Furman’s women’s basketball helps in Alabama

Furman forward Martha Robinson thought she was prepared for what

she might see in tornado-ravaged Alabama. She was wrong.

Robinson had watched video of devastation from April’s string of

deadly Southern tornadoes, the houses in rubble, the residents

struggling to recover. She and a group from the Furman’s basketball

team discovered first-hand the tragic scope of loss on a mission

trip to Tuscaloosa last month.

”I feel like our eyes were opened a little bit,” Robinson told

The Associated Press by phone. ”All the material things can leave

in a second.”

Robinson and teammates Teshia Griswold and Brigid Morrissey

joined assistant coaches Garry Horton and Julia Huddleston and

director of basketball operations Jermaine Brown on the visit from

June 23-26. Furman’s representatives joined with a group from

Clemson’s FreeWay Church to assist the United Way in continuing


Horton was put in charge of team outreach and community service

by coach Jackie Carson and when Huddleston learned from a friend in

Clemson about plans to help Tuscaloosa, signed on quickly.

”Our whole goal was to go and give back,” Horton said.

It’s an area that desperately needs it. Officials say more than

60 tornadoes struck the state on April 27 and killed at least 240

people. Scores more were injured and saw their lives torn apart

through damage to homes, cars and possessions.

Robinson’s first true view of the destruction came their first

night there when the random nature of tornado damage became

apparent. ”It’s so eerie,” she said. ”One side of the street is

completely destroyed, the other side, we’re going to McDonald’s to

get something to eat.”

The next day, the group went to a damaged home site with the

mission to clear the ground of debris so owners could start the

process of rebuilding. Robinson saw parts of a family’s life,

crinkled photos of an 11th-grade boy from 1975 and a 12th-grade

girl from 1976. ”It must have been a grandparents house,” she

said. ”This was someone’s life that was totally destroyed.”

The players and coaches worked at a distribution center where

storm victims received donated supplies like soap, socks and

shampoo. They unloaded boxes and then helped people gather items on

pre-approved lists.

Horton, in his second season on Furman’s staff, was struck by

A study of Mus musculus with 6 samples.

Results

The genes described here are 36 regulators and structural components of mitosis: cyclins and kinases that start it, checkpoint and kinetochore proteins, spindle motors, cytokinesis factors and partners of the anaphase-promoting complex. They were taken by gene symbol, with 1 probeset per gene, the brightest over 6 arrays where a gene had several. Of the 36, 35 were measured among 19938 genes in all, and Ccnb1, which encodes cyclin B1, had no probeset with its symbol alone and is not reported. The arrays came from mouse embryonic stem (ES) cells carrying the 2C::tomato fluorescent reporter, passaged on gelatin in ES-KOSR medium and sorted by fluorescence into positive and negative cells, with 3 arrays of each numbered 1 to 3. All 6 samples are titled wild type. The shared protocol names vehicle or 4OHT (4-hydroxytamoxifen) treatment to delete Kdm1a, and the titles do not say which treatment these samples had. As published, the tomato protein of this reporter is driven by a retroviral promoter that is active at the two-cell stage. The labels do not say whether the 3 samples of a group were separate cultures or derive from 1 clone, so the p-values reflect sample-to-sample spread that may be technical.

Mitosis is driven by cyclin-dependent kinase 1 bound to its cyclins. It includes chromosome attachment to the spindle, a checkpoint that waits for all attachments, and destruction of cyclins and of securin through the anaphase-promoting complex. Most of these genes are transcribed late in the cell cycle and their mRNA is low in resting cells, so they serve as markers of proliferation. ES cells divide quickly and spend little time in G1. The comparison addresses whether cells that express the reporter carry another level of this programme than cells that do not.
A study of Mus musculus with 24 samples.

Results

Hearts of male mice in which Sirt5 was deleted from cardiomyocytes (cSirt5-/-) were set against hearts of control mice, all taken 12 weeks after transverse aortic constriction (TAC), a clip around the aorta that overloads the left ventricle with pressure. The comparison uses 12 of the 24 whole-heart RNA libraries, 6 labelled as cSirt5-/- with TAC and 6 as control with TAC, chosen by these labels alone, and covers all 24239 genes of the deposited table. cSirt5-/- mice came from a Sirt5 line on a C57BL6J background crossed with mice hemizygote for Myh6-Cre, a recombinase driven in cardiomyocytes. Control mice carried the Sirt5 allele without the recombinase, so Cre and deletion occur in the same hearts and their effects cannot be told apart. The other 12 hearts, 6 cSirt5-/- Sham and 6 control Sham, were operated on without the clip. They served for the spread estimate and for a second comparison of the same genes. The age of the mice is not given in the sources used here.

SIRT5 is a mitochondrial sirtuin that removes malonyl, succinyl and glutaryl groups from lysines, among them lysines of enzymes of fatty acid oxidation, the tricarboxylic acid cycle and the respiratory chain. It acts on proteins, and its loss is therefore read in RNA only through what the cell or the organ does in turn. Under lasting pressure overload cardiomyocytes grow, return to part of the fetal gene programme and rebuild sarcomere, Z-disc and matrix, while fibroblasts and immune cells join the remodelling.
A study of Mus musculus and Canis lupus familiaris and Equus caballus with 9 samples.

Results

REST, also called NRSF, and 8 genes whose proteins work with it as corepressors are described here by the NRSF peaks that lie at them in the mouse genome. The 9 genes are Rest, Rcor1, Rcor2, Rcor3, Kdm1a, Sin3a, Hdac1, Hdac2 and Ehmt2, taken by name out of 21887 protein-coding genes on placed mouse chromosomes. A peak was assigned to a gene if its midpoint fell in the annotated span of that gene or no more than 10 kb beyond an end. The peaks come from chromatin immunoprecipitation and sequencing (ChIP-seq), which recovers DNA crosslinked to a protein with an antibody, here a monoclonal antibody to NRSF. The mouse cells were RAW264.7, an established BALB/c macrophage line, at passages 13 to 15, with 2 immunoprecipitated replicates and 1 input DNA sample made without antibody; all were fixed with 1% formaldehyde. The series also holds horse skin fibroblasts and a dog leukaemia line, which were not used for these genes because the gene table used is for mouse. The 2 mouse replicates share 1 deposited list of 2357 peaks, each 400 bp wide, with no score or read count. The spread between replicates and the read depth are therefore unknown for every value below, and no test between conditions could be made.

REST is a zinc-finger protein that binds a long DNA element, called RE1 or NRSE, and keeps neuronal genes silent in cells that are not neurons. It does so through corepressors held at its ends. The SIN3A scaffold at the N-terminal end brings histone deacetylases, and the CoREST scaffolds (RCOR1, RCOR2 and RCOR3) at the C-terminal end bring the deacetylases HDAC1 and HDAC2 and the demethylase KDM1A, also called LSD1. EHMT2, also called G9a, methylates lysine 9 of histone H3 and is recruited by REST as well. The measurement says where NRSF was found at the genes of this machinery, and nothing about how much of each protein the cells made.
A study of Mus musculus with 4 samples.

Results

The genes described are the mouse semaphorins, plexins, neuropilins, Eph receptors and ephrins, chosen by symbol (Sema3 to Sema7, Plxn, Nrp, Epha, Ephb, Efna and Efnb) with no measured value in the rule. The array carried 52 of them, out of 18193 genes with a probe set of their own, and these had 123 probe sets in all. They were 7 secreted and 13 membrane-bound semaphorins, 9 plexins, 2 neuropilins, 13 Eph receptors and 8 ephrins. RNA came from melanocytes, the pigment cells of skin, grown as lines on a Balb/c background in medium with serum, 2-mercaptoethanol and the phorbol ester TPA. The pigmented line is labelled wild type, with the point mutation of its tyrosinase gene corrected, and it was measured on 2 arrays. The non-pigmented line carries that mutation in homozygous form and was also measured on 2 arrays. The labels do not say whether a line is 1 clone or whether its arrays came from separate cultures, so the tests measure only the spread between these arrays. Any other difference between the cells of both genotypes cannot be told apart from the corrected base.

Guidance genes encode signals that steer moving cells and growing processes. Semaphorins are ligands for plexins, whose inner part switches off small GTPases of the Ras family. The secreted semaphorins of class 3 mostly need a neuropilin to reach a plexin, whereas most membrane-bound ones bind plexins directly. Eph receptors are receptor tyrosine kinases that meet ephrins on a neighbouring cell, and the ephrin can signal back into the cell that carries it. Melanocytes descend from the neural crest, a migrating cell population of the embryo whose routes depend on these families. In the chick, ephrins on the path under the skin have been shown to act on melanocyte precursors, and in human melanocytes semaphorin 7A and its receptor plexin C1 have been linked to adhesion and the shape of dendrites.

the positive outlooks from those who’s lives were forever changed

by the tornadoes. ”It was remarkable, man, to listen to people’s

stories,” he said. ”They had completely lost everything and had

smiles on their faces. That was our purpose for doing this.”

Robinson found working in the warehouse more difficult than the

previous day’s cleanup, reluctant to tell people they couldn’t have

an essential because it was not on their list. ”You can’t have

baby items, by you can have shoes or socks,” the 19-year-old said.

”That was hard.”

Horton did not want the trip to fade from the group’s memories,

so he had their write journals to reflect on what they’d done. He’s

also working to get a video diary of the visit on the team page of

their athletic Web site.

Robinson said the trip forged bonds among those involved.

Griswold was a junior college transfer from Georgia who Robinson

and Morrissey did not know that well before this experience.

Griswold wrote that that ”she didn’t want to leave home. She

didn’t want to be here,”’ Robinson said. ”Now she feels like

we’re her new family.”

Horton thinks the work put into helping Alabama will benefit the

Paladins this fall. He said those who took part hope they can bring

the sense of community to others who couldn’t go. Robinson’s felt

that struggle, too, talking with teammates who didn’t take part and

realizing she’ll never fully get them to understand what she saw on

the ground. ”It’s going to be hard to bring all that back to

school,” she said.

Robinson’s spirit to volunteer is strong. She’s from Hindsville,

Ark., about two hours or so from Joplin, Mo., site of even more

destructive tornadoes. She’s talked with her family about aiding

the recovery effort there on her summer break. And she won’t soon

forget the images of loss in Alabama.

”There’s so much that needs to be done,” she said. ”You

wonder how much our one little group did.”